Although I visit Causeway Bay at least three times a week, it’s been a pretty long time since I went to the Times Square mall, not counting the occasional dining trip.
But on Monday I had some free time and walked into the building in the morning, checking out the scene at what is arguably one of the most profitable malls in the city.
Wandering around on the shopping floors, it was a first for me as I found the place almost deserted and the retail outlets without customers for more than an hour.
Sure, summer is the off-peak season for mainland tourists here, so one could expect crowds to be thinner. But how can one explain the near-total absence of shoppers?
Well, as you may have guessed it, the mall was empty because of the July 1 citizens’ rally, which promised to be bigger than usual this year in the wake of the government’s extradition bill fiasco.
Monday’s protest march, the third mass demonstration the city has witnessed in less than a month, saw many people put off plans for leisure and shopping activities that day.
Still, the absolute quietness at Times Square, which boasts several high-end shops and luxury labels, was unexpected. Of course, it made for a relaxing experience for the few who did venture into the mall.
When I finished lunch at 2 pm, there were not many people in the Times Square area, and I could get a taxi with ease and had a smooth ride (because everyone was on the other side of the Causeway Bay district for the annual march).
As I took in news of the handover anniversary rally and the storming of the Legco building by some protesters, I couldn’t help but think that Hong Kong seems to headed in the path of Paris, where “yellow vests” protests took place almost on a weekly basis since late last year.
At the peak, Paris had about 250,000 protesters on the street, almost an eighth of the city’s total population. The demonstrations took a toll on the city’s famed luxury retail sector, and the same could happen in Hong Kong if the extradition bill protests drag on.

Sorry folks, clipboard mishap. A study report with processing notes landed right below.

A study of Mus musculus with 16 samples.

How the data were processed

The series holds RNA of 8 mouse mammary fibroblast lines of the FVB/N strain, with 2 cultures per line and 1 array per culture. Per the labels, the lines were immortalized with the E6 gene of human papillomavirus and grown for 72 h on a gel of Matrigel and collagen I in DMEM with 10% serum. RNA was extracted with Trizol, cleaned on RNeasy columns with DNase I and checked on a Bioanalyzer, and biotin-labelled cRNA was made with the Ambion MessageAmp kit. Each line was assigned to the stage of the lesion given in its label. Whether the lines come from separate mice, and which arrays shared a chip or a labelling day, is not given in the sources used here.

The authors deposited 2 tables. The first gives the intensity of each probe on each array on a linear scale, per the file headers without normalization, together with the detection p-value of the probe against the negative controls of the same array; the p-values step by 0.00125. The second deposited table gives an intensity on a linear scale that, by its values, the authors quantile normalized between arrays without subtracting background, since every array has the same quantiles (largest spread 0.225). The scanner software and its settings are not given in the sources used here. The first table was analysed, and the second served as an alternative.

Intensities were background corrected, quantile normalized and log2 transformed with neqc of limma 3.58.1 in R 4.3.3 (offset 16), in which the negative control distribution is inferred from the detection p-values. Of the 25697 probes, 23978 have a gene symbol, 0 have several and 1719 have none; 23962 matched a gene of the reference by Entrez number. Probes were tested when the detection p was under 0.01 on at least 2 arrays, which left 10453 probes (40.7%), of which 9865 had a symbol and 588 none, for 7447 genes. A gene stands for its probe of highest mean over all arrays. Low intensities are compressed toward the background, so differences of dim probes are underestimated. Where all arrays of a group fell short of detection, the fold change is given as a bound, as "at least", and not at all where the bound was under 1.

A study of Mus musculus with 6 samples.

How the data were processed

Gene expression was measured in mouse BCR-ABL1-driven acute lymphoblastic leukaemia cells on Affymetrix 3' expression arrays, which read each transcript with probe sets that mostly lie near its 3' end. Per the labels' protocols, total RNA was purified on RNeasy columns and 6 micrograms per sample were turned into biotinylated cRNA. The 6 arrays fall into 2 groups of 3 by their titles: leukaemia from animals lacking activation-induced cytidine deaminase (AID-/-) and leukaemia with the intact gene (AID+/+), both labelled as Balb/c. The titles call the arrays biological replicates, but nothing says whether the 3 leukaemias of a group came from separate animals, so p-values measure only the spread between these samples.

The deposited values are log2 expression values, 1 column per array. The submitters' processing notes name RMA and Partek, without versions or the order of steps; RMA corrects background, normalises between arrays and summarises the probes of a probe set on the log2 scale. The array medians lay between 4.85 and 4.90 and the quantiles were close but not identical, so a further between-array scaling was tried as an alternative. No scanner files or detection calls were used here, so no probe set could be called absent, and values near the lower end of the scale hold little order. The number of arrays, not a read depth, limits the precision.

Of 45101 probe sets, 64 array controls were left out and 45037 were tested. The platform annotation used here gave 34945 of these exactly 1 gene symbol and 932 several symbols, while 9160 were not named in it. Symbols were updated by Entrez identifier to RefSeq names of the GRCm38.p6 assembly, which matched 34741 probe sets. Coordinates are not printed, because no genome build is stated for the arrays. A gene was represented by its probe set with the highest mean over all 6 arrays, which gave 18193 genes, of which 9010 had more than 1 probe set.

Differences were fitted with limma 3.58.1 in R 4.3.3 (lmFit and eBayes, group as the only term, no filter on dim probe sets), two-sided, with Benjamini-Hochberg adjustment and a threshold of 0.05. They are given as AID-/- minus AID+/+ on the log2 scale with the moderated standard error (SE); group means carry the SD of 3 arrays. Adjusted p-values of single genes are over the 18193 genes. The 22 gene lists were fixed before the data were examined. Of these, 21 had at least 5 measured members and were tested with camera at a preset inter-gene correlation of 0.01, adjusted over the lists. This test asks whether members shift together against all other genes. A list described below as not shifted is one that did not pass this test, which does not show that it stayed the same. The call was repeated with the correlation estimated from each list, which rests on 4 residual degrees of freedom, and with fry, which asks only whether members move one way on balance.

The mass rallies, strikes and other protest actions are affecting the tourist districts that house the world’s top luxury brands, dampening business for the labels.
Earlier this year, luxury goods holding firm Richemont confirmed that the yellow vests protests had hurt sales in Europe in the third quarter of its financial year. More evidence will come out soon on how France, the home of many luxury brands, was hurt financially due to the civic unrest.
In Hong Kong, the impact should be much smaller compared to what the high-end retail facilities in Paris had suffered.
Among the bigger losers, however, is the Pacific Place mall in Admiralty, as it sits near the epicenter of the street occupations, and shops located along Hennessy Road which is a key protest route.
Overall, it is too early to tell how Hong Kong’s retail sector will be affected by the latest street protests, strikes and other disturbances. But the luxury goods segment will be concerned the most, especially if opposition groups and activists escalate their actions.
Retailers will be praying that authorities will do more to pacify the youth so that the youngsters would think of hanging out at the beach or in air-conditioned coffee shops rather than gather in front of Tamar or police headquarters and cause mayhem.